If you can’t keep up with the many sub-genres of IPA, we forgive you. Between West Coast versus East Coast, sparkling and brut, double and triple and more, there are a lot of hopped-up moving parts. But if there’s one you ought to know and get used to right now, it’s the Cold IPA.

Devised at Wayfinder in Portland, Ore., several years back, this is very much an IPA-lovers’ IPA, a brewers beer if you will. It’s most reminiscent of the India Pale Lager (IPL). However, that style doesn’t quite respect and embrace the hop bill quite like the Cold IPA does. The newest genre is certainly inspired by the age-old lager beer, but looks to really spotlight the hops — but removing any potential conflicting flavors.

“We were shooting to make something to contrast the -New England IPA,” says Kevin Davey, brewmaster at Wayfinder. It’s a version that hops fans will quickly fall for. It has “a strong punch of aromatic hop intensity and high bitterness,” continues Davey. “But finishes crisp and clean leaving the drinker craving another sip.”

The core of this beer resides in a lighter base. Brewers use lager yeast, but instead of fermenting it in a very chilly style, they tend to warm it up a bit — at least relatively speaking. The higher temperature spells a quicker ferment and minimizes the fruity esters at play. Some brewers have referred to it as a deconstructed IPA of sorts, one that relies most on heavy hop expression. If you enjoy a sparkling IPA or miss the quick-lived Brut IPA trend, this one is well worth your time.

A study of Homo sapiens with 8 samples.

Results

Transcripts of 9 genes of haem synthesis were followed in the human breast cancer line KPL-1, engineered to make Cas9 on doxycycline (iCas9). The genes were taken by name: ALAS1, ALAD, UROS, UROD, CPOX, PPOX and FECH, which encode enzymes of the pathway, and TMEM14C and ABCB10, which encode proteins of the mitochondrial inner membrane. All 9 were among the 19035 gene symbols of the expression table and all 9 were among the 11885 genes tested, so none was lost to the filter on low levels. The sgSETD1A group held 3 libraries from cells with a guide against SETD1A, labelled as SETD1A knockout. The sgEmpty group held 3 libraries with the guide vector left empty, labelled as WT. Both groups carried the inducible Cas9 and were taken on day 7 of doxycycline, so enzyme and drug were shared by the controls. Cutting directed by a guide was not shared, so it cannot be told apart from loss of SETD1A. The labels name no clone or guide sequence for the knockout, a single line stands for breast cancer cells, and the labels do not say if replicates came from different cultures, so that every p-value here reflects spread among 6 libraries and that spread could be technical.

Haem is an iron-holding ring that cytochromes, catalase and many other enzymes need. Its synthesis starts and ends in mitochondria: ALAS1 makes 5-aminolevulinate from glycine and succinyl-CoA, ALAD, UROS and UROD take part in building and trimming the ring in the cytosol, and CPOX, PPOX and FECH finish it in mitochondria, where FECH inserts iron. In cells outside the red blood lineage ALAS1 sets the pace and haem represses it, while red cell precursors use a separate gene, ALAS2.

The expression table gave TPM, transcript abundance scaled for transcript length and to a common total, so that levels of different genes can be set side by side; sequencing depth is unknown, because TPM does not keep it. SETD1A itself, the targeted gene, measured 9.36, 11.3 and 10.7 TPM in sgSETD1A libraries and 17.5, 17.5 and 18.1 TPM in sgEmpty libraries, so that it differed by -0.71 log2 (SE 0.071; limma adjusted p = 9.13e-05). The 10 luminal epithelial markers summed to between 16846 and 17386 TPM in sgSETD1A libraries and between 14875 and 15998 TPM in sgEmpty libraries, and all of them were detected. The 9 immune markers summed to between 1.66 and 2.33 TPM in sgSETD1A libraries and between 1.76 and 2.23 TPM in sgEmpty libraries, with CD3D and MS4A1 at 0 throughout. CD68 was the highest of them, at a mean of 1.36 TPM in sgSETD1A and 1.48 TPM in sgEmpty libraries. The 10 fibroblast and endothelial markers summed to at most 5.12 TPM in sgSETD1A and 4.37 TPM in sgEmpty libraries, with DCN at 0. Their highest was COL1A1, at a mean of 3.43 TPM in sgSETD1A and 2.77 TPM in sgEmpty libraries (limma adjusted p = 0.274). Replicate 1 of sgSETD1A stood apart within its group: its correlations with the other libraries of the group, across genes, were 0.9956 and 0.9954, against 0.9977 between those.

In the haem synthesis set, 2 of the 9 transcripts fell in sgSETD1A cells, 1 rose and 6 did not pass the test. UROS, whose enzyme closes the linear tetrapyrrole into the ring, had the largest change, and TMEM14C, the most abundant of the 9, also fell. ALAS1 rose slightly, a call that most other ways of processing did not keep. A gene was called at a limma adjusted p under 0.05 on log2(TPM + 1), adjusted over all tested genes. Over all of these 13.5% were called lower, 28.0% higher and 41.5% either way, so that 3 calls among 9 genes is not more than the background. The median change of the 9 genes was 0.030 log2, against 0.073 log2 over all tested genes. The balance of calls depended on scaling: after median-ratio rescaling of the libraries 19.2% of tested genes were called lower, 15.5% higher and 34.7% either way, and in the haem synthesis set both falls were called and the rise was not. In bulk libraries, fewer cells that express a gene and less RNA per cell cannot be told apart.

The style hasn’t quite spread like wildfire, but it has been embraced by an increasing number of breweries from coast to coast, especially here in the Pacific Northwest. Esteemed labels like Single Hill, Reuben’s Brews, Fremont Brewing, Rogue Ales and even McMenamins have tried their hand at the Cold IPA. And many more are likely to follow suit. 

What does it drink like? Think crisp and clean like a lager, yet aromatic and hoppy like a great IPA. It comes at an ideal time when IPAs are still surging, especially here on the west coast, but drinkers are also looking for lightness. It’s fair to say that after another long pandemic winter, we may have palate fatigue due to one too many imperial stouts, smoothie sours or Triple IPAs. 

Unsurprisingly, Wayfinder has collaborated with a bunch of regional breweries to make different Cold IPA takes. When you’re credited as the inventor of something in a bustling and highly collaborative world like craft beer, people come knocking. Davey has even been called upon by some of his peers overseas, in places like Poland and Spain. Look out for even better versions from other significant players going forward as the style is further embraced and fine-tuned. It’s got us very excited for fresh hop season, as this seems like an ideal style to showcase right-from-the-farm hops.